16 Nov Borrowing money for a wedding
Q. My fiance and I are getting married and we need about $15,000 for wedding expenses. Is it better to take money out of a retirement account or take a home equity loan? The home is worth about $150,000 and there’s $81,000 left on the mortgage.
— Getting hitched
A. Congratulations on your engagement!
A wedding is (hopefully) a once-in-a-lifetime opportunity, but if you’re not careful, wedding costs can stay with you for years and years.
Before you consider the borrowing options, think about other alternatives.
To use your language, “it is better,” of course, to save for a wedding and it’s expenses in advance, said Debra Morrison, a certified financial planner with Empowered Retirement in Lincoln Park .
“I don’t say that to cast judgment, yet to make a point that most of life’s major events are those which can be anticipated — and saved for — in advance,” she said.
Morrison said you will face other major expenses as a couple — children, education, car replacements, travel, second home wishes and more. All of these can be funded by earmarking savings, Morrison said.
“Borrowing now for a wedding simply sets you back as a couple with yet one more pile of debt, needing to be repaid long after the wedding day,” she said.
If postponing the wedding to have more time to save isn’t an option, then you’re smart to consider the best borrowing choices.
If you have built up savings in your retirement accounts, it may seem like a good idea to find a way to access them to pay for wedding expenses, said Michael Green, a certified financial planner with Wechter Feldman Wealth Management in Parsippany.
After all, you have many years until retirement to build those savings up again, right? Well, that is most likely not the best option, Green said.
To gain access to the funds in your retirement accounts, he said, you probably have two choices.
If the assets are in an IRA account, you would be taking a withdrawal, which may be taxed and if you are under age 59 ½ you would also incur a 10 percent penalty.
Plus, Green said, when you take assets from your IRA account, unless you deposit them back within 60 days, you can only replenish the account based on IRA contribution limits. For 2015 and 2016 that limit is $5,500. With the current limits, it would take more than two years just to get the amount you withdrew back into the IRA account. Meanwhile, that is a lot of time for lost potential earnings, Green said.
You may also be considering taking a loan from your employer 401(k) plan.
“While many people consider the payments they make back into their 401(k) to pay off a loan to be `paying themselves back,’ the reality is that while the funds are withdrawn from the 401(k) account and during the payback period, there is the potential for lost earnings and growth on those dollars,” Green said. “In addition, many people tend to cut their contribution rate while in the payback period also limiting the overall dollars at work.”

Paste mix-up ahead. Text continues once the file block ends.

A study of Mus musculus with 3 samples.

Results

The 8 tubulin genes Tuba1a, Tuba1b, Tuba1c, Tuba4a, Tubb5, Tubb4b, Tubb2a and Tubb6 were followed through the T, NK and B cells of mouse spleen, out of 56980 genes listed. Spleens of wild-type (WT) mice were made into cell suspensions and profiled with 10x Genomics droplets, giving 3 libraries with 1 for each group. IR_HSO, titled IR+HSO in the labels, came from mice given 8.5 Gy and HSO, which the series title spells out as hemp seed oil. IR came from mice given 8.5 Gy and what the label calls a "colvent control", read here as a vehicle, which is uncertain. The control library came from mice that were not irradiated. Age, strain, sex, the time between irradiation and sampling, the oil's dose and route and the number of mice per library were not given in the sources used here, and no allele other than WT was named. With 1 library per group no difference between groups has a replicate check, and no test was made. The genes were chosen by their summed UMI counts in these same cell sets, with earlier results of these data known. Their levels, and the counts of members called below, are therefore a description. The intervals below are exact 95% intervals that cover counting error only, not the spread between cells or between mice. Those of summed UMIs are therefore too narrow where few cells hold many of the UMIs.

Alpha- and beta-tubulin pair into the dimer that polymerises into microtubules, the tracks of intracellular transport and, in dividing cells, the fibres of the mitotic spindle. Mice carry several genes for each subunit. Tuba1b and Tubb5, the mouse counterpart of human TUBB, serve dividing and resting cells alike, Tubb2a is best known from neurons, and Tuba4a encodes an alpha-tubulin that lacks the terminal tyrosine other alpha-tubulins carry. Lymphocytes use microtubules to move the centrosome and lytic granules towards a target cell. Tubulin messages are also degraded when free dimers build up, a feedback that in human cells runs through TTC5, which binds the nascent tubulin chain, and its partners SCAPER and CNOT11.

There are other risks.
You still must repay the loan despite the fact that you “borrowed from yourself,” Green said. Should you fail to pay the loan back, there will be stiff penalties and taxes owed.
Also, should you leave your job for any reason with an outstanding balance on your loan, you only have 60 days to pay off that balance, he said.
“In most cases, when someone loses their source of income they rarely have extra money to fully pay back a loan,” Green said. “If the balance is not paid back within 60 days you may have to declare the entire amount of the loan as a taxable distribution. In addition, this could trigger a 10 percent penalty on the entire amount borrowed.”
Green said borrowing from your home’s equity sounds more reasonable.
“Taking a home equity loan will allow your retirement assets to continue growing and compounding returns for your eventual retirement years,” Green said. “The interest you are paying on a $15,000 home equity loan may be tax deductible, whereas the interest on a qualified retirement plan loan would not.”
In some cases, Green said, the interest rate paid on your home equity loan will be lower than other types of loans. Also, if you choose to do so, you can use some of the gift money you receive for your wedding to pay down the home equity loan balance.
Morrison did a little math to show why, if you can, you should try to borrow the smallest possible amount.
A $15,000 loan from a retirement plan will cost you $269.53 per month at 3 percent interest, she said.
If you are able to trim even $3,000 from your expenses and only borrow, $12,000, that monthly repayment amount, also at 3 percent interest, would only be $215.62, and borrowing only $10,000 at 3 percent interest for 5 years would cost only $179.69.
Email your questions to .
This story was first posted in November 2015.NJMoneyHelp.com presents certain general financial planning principles and advice, but should never be viewed as a substitute for obtaining advice from a personal professional advisor who understands your unique individual circumstances.